Cardiff Airport has been named the worst terminal for passenger experience in a new survey of the UK’s small airports.
The Which? airport passenger survey reveals smaller airports are, on average, outperforming larger ones in terms of passenger satisfaction.
The Welsh Government-owned terminal, however, was ranked equal last in a league table of airports with fewer than four million passengers a year.
Cardiff scored 52%, joint last with Glasgow Prestwick, while London Southend (84%), Humberside (81%) and Sheffield’s Robin Hood airports (78%) topped the table.
The Rhoose terminal only scored one star for food outlets, shops and facilities and two stars for airport environment and toilets.
It was awarded three stars for speed of check-in, airport security, airport design and information and navigation – but was behind most small airports in these areas too.
In June, Which? asked its members to complete an survey about their experience of flying from a UK airport in the past year. More than 11,500 people responded, including 107 Cardiff Airport passengers.
Cardiff ranked more favourably compared to the large airports, scoring the same as London Gatwick South Terminal (52%) and ahead of Stanstead (50%), Belfast (48%) and Luton (43%). It was also ranked above the Heathrow terminals, except T5.
A Which? spokesman said: “Cardiff, like other small airports, scored poorly for food and shopping outlets but is competing with major airports on speed of check-in, standards of security and queues at passport control.”
Cardiff Airport chief executive Jon Horne said: “The areas they’ve highlighted are probably not a great surprise in terms of overall airport environment scoring relatively low, as do food outlets and shops.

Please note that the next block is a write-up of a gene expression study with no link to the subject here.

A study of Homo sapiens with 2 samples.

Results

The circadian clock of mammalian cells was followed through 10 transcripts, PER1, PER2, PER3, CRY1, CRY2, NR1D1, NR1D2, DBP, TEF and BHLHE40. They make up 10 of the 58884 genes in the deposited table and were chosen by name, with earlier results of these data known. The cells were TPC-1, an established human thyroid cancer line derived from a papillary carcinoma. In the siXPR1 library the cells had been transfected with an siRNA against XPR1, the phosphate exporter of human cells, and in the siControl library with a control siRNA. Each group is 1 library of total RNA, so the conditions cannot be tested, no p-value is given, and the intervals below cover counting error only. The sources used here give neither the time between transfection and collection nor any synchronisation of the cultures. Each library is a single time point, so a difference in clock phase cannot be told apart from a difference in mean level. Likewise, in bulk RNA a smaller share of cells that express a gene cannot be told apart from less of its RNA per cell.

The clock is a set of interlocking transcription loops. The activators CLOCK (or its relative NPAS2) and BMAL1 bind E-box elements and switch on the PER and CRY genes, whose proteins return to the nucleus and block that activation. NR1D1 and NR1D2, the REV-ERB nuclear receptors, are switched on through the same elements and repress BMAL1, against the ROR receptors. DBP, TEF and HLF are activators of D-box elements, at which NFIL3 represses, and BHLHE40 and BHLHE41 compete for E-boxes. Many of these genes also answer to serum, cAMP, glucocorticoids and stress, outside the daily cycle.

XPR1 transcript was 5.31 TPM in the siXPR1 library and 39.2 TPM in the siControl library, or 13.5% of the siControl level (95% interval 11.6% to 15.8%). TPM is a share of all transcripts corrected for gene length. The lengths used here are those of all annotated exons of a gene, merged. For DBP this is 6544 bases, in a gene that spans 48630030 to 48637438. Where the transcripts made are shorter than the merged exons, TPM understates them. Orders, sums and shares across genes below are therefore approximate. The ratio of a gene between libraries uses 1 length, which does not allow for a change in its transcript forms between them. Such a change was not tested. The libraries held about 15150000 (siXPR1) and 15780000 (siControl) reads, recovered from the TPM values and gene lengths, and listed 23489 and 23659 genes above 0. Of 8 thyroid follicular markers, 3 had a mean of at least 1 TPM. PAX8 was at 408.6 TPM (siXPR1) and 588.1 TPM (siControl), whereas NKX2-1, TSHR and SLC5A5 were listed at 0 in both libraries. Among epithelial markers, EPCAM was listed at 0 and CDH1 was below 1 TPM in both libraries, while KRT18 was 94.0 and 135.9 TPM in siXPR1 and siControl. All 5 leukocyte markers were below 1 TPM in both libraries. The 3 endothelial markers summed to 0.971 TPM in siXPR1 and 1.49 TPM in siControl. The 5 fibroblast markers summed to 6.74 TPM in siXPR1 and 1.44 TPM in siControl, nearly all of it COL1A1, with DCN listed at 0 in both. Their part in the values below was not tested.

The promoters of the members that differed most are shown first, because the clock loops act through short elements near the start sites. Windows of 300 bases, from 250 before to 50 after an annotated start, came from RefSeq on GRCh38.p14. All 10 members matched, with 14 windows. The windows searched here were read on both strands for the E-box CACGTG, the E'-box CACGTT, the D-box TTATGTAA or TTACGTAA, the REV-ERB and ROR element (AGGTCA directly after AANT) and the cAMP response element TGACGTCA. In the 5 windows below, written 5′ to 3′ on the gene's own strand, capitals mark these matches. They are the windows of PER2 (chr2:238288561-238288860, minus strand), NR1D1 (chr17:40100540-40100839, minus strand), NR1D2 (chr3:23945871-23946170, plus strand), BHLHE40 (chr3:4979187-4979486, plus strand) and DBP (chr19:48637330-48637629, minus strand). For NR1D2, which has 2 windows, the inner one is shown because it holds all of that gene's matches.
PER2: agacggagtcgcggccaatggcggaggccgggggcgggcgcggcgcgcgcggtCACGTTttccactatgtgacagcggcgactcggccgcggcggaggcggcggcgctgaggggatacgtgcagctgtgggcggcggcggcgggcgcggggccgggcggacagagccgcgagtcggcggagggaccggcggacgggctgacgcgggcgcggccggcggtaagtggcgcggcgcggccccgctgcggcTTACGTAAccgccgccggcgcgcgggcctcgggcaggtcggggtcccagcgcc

“These are all areas we are looking at, having taken over the airport at the end of March.
“We have been doing a root and branch review and went out to our audience to ask them their thoughts about the airport.”
Mr Horne said Cardiff’s own survey, which is being analysed, was completed by 700 passengers and would give a better picture of the areas needed for improvement.
“Although we’re not hitting the point we would like to, we’ve clearly identified the areas where we know change will bring improvement and we’re working on those things at the moment,” he said.
“We recognise that all of those elements that go to make-up the airport experience are an important part of how we are attractive, not just the range of services and the prices that are available to people.”
Conservatives transport spokesman Byron Davies said it showed Cardiff was failing to make the most of its strategic advantages as a small airport.
“Instead of being a tiresome necessity, travelling through an airport could be a pleasurable part of the holiday experience, which Cardiff could tap into, by aspiring to deliver the highest standards of customer care,” he said.
“It is nearly six months since the Labour Welsh Government bought Cardiff Airport and we are yet to hear what, if any, progress has been made, as taxpayers who footed the bill will rightly want to know if their investment was worth the £52m.”
Eluned Parrott, Liberal Democrats transport spokeswoman, added: “There is a real opportunity for smaller airports such as Cardiff to offer passengers a friendlier and more personal service, which is something huge airports like Heathrow struggle to offer.
“Sadly, a combination of the loss of services and lack of investment over a period of years means that the airport is a shadow of what it could be. However, I do hope to see its fortunes turn around so it can become the kind of international gateway Wales needs.”